Mar 12, 2008 (LBO) — Sri Lanka sold 10.8 billion rupees of Treasury bills at an auction Wednesday without moving rates up, the government’s debt office data showed, but it was later offering more bills at average rates, dealers said. However, analysts say in the past excess liquidity had been inflationary in Sri Lanka due to exchange controls that prevent the free movement of capital out of the island. The government’s debt office originally said it was only rolling over 9,610 million rupees of bills, though 14,994 million rupees in bills were maturing.
At the auction however, the debt office, which is a unit of Sri Lanka’s Central Bank, accepted 1.2 billion more offers from the market.
Dealers said it was standing by to sell more bills at auction rates. The practice of putting only part of the bills on auction was started late last year.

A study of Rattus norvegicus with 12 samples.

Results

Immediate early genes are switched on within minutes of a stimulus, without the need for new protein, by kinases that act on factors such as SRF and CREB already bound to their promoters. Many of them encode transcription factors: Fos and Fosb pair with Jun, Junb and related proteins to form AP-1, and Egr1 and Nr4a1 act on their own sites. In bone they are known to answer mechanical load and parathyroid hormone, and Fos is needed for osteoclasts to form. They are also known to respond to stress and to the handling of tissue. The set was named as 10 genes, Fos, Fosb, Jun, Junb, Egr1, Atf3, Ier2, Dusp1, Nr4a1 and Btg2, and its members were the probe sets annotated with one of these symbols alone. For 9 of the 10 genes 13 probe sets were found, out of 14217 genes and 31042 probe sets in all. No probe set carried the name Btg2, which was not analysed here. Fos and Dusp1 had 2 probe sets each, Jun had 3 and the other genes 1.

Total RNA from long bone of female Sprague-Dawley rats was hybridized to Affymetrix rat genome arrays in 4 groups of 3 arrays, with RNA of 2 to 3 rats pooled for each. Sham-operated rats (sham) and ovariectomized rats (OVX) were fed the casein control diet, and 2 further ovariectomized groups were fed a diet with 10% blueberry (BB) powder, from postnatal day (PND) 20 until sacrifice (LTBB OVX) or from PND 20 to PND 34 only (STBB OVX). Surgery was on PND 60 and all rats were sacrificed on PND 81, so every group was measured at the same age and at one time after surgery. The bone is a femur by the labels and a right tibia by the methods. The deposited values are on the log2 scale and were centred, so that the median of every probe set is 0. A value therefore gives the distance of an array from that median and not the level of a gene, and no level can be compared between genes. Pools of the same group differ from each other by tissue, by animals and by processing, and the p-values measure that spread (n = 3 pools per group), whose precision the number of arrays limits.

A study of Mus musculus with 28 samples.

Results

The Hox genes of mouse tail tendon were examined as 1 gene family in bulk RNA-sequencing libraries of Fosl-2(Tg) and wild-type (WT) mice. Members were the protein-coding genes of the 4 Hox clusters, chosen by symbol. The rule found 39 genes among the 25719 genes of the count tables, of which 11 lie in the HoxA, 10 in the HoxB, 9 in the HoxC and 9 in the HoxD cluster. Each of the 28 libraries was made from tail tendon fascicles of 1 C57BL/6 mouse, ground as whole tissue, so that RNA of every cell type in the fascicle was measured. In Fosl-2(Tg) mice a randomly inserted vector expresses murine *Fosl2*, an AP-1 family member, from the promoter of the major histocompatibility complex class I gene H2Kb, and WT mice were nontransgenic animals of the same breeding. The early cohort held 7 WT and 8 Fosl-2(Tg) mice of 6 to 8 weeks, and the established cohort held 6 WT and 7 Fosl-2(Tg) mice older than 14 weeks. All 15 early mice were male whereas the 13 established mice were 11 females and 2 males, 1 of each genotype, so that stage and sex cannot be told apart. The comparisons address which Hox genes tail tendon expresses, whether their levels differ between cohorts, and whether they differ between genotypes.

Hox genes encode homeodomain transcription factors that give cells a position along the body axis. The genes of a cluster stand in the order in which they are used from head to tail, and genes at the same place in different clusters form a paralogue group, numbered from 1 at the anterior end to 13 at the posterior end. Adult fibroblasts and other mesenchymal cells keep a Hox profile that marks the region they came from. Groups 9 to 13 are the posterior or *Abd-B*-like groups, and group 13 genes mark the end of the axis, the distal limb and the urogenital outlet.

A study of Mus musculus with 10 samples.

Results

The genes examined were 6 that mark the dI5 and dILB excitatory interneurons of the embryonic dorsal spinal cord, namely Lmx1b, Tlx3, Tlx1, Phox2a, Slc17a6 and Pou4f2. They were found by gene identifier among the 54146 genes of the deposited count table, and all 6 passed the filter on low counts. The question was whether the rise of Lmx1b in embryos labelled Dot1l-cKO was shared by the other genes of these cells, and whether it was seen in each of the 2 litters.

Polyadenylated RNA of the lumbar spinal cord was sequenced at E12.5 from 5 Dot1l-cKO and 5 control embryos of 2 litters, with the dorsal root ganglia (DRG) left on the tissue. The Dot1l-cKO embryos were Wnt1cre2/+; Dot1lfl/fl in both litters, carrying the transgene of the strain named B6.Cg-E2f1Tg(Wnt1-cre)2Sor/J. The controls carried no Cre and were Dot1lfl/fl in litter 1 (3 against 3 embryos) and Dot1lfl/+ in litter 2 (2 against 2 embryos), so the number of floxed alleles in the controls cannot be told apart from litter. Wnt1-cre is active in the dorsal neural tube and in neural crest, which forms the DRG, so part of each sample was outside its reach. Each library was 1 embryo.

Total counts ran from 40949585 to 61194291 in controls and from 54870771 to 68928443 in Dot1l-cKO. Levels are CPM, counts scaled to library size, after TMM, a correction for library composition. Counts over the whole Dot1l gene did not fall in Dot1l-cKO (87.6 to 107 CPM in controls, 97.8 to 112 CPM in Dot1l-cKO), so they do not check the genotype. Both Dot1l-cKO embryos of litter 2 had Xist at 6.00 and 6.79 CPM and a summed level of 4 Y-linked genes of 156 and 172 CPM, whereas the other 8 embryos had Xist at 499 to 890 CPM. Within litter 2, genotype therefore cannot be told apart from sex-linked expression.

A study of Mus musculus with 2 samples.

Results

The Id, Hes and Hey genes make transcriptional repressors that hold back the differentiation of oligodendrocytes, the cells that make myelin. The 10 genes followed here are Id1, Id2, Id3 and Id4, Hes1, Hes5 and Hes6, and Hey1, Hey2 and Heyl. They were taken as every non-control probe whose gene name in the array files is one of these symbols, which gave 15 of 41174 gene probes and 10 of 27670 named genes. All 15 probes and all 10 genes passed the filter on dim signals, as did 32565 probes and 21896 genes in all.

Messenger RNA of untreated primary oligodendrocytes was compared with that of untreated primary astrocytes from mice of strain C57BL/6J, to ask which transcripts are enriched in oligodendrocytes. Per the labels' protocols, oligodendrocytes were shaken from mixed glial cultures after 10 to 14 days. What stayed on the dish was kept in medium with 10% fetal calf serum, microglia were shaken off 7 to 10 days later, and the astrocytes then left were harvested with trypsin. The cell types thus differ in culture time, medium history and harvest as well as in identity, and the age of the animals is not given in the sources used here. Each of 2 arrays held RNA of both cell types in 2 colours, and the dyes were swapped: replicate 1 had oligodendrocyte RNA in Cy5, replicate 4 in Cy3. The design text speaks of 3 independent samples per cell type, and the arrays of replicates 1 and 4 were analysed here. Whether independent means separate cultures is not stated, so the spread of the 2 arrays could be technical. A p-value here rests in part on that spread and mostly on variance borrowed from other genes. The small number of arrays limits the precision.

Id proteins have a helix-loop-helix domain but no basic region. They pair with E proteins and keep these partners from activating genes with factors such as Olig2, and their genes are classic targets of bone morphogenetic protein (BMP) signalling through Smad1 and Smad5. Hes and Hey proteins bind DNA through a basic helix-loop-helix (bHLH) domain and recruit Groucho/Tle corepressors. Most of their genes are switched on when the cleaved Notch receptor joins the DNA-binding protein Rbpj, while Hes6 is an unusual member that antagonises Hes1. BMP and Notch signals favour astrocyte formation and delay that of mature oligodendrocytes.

The debt office said it raised 6,056 million rupees in 3-month bills with the average rate coming down 8 basis points to 18.40 percent.
The 6-month yield was flat at 18.95 percent with 4,242 million in bills sold and the 12-month yields fell 2 basis points with 535 million rupees being sold.
Earlier in the day overnight rates fell as low as 12.45 percent in the overnight repo market amid heavy excess liquidity.
Excess liquidity in the overnight market is now around 14 billion rupees, dealers said.
Most of the money is externally generated with analysts saying that the Central Bank is maintaining a tight peg with the US dollar in recent weeks.